ORLANDO, Fla. – A study that was done over a period of 25 years found the best predictor of a young adult’s success is whether they participated in household chores at age 3 or 4.
Many parents know they should have their children do chores; but they aren’t sure how to make it happen.
Vacuuming, dusting and folding. There are many ways kids can help out at home.
But in today’s world not all parents are assigning chores. In one survey, 82 percent of American adults reported having regular chores growing up, but only 56 percent said they required their own kids to do chores.
Studies show chores can teach responsibility, self-reliance and self-worth. And they also help kids think of others in the family, not just themselves.
“As a society, we have elevated achievement and happiness/wellbeing as the primary goals of child raising and demoted or sidelined concern for others concern for the common good," said Richard Weissbourd, EdD, Harvard Graduate School of Education.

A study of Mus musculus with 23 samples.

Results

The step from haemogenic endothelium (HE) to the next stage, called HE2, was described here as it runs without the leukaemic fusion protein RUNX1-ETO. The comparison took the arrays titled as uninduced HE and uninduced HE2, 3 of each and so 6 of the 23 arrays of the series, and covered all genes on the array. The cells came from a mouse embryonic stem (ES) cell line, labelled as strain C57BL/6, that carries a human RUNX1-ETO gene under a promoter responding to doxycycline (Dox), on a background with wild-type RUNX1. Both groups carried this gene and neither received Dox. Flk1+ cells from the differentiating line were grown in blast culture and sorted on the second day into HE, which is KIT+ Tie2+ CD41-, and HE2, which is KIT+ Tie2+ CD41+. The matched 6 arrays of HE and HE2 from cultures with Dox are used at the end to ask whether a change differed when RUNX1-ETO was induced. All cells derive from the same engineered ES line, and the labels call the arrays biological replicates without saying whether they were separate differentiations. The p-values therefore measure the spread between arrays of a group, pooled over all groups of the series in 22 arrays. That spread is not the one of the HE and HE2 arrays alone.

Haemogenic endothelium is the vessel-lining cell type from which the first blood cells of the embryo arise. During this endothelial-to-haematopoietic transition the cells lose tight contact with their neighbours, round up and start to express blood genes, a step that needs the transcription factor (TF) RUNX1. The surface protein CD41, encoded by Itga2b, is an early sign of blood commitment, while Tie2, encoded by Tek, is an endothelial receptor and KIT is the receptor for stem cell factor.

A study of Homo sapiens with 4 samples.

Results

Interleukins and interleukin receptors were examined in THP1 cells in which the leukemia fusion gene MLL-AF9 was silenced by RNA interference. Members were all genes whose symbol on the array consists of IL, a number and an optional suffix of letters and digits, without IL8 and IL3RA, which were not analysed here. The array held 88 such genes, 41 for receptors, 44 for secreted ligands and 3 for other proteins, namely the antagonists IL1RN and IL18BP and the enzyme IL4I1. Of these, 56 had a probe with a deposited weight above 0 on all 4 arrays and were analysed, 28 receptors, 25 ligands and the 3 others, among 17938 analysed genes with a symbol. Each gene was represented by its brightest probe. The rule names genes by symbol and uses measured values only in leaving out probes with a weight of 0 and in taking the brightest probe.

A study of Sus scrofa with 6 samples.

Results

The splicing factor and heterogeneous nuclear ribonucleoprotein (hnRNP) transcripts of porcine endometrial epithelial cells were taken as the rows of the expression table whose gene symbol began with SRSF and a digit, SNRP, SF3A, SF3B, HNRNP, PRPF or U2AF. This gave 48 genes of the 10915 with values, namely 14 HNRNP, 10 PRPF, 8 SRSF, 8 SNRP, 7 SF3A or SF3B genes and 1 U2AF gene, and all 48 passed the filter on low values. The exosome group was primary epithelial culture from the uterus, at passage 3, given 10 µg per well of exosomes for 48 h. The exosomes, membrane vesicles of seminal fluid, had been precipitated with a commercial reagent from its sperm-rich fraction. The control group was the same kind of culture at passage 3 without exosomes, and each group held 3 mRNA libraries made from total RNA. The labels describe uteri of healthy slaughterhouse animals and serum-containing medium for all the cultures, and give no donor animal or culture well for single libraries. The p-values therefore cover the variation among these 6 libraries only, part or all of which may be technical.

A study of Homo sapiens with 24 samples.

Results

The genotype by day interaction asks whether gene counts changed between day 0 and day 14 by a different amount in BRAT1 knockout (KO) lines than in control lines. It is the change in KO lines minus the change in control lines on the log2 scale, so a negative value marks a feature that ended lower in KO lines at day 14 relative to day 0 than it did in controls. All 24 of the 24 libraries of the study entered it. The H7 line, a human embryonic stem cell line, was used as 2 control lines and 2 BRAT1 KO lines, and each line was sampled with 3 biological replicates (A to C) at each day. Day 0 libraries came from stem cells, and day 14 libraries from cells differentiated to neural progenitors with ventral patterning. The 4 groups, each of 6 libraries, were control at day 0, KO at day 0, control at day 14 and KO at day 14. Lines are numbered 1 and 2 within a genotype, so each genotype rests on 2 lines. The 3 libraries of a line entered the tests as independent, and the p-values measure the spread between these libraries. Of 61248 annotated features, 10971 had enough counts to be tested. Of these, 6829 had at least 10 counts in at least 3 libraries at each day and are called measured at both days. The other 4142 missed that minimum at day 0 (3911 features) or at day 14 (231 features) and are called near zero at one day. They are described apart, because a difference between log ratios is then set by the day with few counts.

So how can you help your kids succeed? First, set the expectations. Let them know what their daily or weekly responsibilities are and when they should be done. Don’t offer electronics or other rewards until the chores are completed.
If your kids drag their feet, try timing the task. For example, if you think emptying the dishwasher should take 10 minutes, tell them and set a timer.
And avoid assigning chores based on gender. Use a chore wheel to encourage all the kids to participate in different types of work.
In Weissbourd’s survey of more than 10,000 middle and high school students, 80 percent said they valued their own happiness and achievement over caring for others.